When buying gerbils, you have a choice of shelters/pet rescues, breeders, and pet stores.
Avoid purchasing gerbils online, even if you then go and pick them up yourself. You need to see what you’re buying, and get an accurate picture of how the animals are being kept (and a glimpse of their parents, if possible).
Buyer beware – you need to check out the condition of your gerbils before buying
If you are still determined to buy online, don’t pay for the gerbils until you get to the point of sale. Check the condition of the animals, their parents, and how they are being kept.
NOTE: Gerbils should never be posted or shipped – this presents a grave danger and at the very least will subject them to terrible stress. You will need to pick them up from the seller.
Shelters or Pet Rescue Centers are the perfect place to source your pets. The animals need new homes, and the staff here are always enormously helpful and knowledgeable. They will have been looking after your prospective pets for a while and will know lots about them - their needs, and their personalities.
Also, gerbils from shelters are usually already used to human contact. By getting your pets from here you will be giving them a new home, and will have some very knowledgeable people on hand to answer your questions.
Shelters take in unwanted and rescued animals, on shoestring budgets. They are charities dedicated to saving the lives of unwanted pets. They have a limited amount of money, and so charging a small adoption fee allows them to recoup some of their costs. These funds will be used to look after other animals that need their care. If you can afford it, give generously!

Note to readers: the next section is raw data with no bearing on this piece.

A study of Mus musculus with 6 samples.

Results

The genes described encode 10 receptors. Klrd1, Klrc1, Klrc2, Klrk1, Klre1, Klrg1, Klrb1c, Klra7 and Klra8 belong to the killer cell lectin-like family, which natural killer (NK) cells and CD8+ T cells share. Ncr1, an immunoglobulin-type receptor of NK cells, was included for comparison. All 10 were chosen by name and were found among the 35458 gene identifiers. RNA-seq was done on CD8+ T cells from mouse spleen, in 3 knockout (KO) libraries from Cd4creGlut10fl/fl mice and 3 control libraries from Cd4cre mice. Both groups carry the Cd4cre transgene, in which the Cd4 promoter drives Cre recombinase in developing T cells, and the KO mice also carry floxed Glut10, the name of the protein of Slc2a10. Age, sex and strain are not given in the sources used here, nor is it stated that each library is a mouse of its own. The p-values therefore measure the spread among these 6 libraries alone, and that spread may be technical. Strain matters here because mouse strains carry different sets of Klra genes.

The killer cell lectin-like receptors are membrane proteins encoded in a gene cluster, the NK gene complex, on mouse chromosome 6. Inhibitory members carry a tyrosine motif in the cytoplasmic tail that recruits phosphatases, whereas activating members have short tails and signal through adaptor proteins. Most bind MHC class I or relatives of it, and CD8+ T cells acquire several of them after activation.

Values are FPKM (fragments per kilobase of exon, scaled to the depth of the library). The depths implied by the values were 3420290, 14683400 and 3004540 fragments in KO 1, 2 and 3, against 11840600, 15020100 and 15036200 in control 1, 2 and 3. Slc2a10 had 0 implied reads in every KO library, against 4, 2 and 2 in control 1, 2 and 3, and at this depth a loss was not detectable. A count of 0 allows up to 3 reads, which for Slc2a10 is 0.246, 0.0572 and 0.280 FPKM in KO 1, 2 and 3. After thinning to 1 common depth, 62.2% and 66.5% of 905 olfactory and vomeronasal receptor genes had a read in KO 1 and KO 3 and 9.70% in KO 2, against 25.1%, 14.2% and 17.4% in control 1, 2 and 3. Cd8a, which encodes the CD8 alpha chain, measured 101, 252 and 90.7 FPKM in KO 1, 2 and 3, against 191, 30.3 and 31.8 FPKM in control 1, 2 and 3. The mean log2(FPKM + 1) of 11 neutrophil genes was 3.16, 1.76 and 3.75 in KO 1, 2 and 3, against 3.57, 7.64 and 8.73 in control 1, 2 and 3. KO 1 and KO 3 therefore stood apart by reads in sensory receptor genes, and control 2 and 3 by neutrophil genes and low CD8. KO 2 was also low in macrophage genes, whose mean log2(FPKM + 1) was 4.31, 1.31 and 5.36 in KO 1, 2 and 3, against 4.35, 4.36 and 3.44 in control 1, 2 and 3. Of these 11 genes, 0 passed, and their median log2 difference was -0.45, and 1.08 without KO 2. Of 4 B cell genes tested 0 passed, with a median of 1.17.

Shelters are wonderful organisations - get your pets from here if possible
Shops can sometimes seem the obvious choice when sourcing your gerbils. If there are no shelters or breeders near where you live, a store may indeed be the best bet. Picking up your pets from a shop may give you a choice of colors, or even species, but there are some things to be wary of when buying from a store.
Gerbil turnover rates are usually quite high, and shop assistants can lose track of gerbil genders. This is an important issue, as you probably don’t want your pets to start breeding as soon as you get them home. Ask the assistant to double-check the gender.
Check that the animals have been kept in good conditions. Is their enclosure large enough? Do all the gerbils look healthy? Do they have constant access to food and water? Is there plenty of space for them to burrow and nest in? If some of the gerbils look ill, then you might want to question why that is, and think twice about purchasing one from that shop.
Your new gerbils should be active and healthy when you buy them
Breeders will usually be experts on the subject of the animals they provide. Most will be very ethical, but some are more like gerbil farms, churning out baby gerbils for the sole purpose of making money. Prospective owners should be careful to avoid pet farms at all costs – they never have the best interests of the animals at heart, and they over-breed the females.
So how do you know what the ‘gerbil farm’ warning signs are? Here are things to look out for:
- Lots of pups available for sale at once
- Poor quality, overcrowded cages
- Individual gerbils looking ill
- An owner who refuses to let you see the gerbils’ mother; or a mother who looks ill or is already pregnant again
- Selling gerbils under five or six weeks of age
- Breeders who seem to know very little about their animals, or don’t seem to care.
Many breeders are very caring, but you need to watch out for the ones who are not.